Self-exiled former Pakistani Prime Minister Benazir Bhutto will return home in October and contest national elections despite the threat of imprisonment, one of her political advisers said.
Bhutto, who still leads the Pakistan People's Party from exile in London and the United Arab Emirates, fled the country to avoid corruption charges after her second government collapsed in 1996.
"She's going to return from London to Pakistan in October," Bhutto's political adviser Wajid Shamsul Hasan said on Friday.
Hasan said Bhutto would wait until the end of the Islamic holy month of Ramadan, which begins in September, before making her return.
It has been widely reported that Bhutto met with Pakistani President General Pervez Musharraf in the Gulf emirate of Abu Dhabi last month for secret talks over a power-sharing deal. Hasan refused to comment on the talks.
Both Bhutto and Musharraf have declined to comment on a meeting.
But Bhutto has said her party has long been in talks with the government about restoring civilian rule.
Bhutto, 54, is not frightened about the possibility of arrest should she return, Hasan said, adding, "Politics is a very daring game in our part of the world and she has no fear."
Parliamentary elections are slated for December or January and Bhutto's party, the main opposition, is expected to do well.
Hasan said final plans have not been materialized, but Bhutto's party has been boosted by a string of defections from Musharraf's Pakistan Muslim League movement.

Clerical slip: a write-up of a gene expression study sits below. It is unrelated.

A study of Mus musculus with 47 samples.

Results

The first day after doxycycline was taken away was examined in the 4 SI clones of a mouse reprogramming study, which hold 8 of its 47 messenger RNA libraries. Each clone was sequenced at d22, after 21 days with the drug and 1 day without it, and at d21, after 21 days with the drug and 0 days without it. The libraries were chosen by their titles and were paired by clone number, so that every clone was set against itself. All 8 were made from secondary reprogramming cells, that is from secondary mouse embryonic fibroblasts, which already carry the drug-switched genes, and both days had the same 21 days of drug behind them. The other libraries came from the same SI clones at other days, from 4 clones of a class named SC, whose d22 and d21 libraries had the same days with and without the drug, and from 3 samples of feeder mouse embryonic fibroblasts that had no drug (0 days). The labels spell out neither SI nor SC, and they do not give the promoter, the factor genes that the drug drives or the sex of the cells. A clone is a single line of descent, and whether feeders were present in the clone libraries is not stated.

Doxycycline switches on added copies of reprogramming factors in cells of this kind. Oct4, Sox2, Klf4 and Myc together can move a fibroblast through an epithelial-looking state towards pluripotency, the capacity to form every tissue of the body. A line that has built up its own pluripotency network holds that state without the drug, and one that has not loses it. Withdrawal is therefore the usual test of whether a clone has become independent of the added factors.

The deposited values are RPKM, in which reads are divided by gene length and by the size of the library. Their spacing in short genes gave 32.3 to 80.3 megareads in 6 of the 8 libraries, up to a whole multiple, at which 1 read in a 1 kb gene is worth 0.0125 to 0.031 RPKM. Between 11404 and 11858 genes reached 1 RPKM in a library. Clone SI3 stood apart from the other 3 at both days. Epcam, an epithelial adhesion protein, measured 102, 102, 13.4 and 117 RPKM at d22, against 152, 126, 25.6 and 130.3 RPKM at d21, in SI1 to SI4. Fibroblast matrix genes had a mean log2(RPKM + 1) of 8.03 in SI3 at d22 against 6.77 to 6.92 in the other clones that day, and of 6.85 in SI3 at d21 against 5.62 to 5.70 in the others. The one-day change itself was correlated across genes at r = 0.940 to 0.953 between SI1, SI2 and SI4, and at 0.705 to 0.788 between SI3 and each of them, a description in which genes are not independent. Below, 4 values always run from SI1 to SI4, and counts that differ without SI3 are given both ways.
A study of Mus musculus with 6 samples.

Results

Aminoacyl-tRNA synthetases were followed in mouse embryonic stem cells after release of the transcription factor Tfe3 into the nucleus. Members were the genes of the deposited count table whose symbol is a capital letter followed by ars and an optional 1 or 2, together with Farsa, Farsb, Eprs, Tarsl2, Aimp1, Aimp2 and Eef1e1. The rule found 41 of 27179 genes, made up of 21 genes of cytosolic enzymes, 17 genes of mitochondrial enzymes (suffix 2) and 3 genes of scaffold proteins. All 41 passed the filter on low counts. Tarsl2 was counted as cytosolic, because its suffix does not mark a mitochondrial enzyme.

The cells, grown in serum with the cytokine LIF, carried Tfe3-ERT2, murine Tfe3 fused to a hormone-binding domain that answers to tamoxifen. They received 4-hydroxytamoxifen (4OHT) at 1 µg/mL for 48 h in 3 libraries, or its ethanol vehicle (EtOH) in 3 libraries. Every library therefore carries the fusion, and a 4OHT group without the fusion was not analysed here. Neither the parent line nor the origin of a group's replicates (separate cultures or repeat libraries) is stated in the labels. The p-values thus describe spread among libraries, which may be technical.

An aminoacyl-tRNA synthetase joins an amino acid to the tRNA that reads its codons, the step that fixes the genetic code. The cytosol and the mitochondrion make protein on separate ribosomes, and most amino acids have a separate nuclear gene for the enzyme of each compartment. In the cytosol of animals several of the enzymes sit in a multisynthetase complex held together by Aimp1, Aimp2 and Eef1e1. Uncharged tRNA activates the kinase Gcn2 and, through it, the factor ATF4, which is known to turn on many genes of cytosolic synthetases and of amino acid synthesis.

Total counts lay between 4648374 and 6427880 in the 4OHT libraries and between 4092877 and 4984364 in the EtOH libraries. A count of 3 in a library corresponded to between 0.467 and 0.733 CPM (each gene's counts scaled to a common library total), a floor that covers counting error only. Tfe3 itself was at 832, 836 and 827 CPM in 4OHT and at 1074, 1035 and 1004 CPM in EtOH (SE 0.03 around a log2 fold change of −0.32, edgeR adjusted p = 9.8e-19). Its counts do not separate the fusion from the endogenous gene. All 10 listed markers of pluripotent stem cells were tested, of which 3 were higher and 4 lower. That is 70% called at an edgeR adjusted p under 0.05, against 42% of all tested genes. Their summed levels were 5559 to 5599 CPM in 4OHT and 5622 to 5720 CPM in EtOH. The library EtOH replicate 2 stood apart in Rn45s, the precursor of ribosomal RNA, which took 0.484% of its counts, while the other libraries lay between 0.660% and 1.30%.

"She's very confident." Hasan said. "She has the support of the people and her party won the most votes in the 2002 elections."
Musharraf is in the weakest position of his political career. He recently attempted, and failed, to oust Supreme Court Justice Iftikhar Mohammed Chaudhry, an independent-minded judge who could rule on expected legal challenges to Musharraf's plans for re-election. He has also been weakened by an escalation in Islamic militancy.
There has been a surge in attacks since an army assault on the pro-Taliban Red Mosque in Islamabad earlier this month killed at least 102 people.
Pakistan watchers say that for Musharraf to stand any chance of retaining office, he must cut a power sharing deal with Bhutto.
She has hinted previously that she may be willing to accept an alliance, but she has also been a sharp critic, calling Musharraf a dictator and insisting he must resign his role as army chief.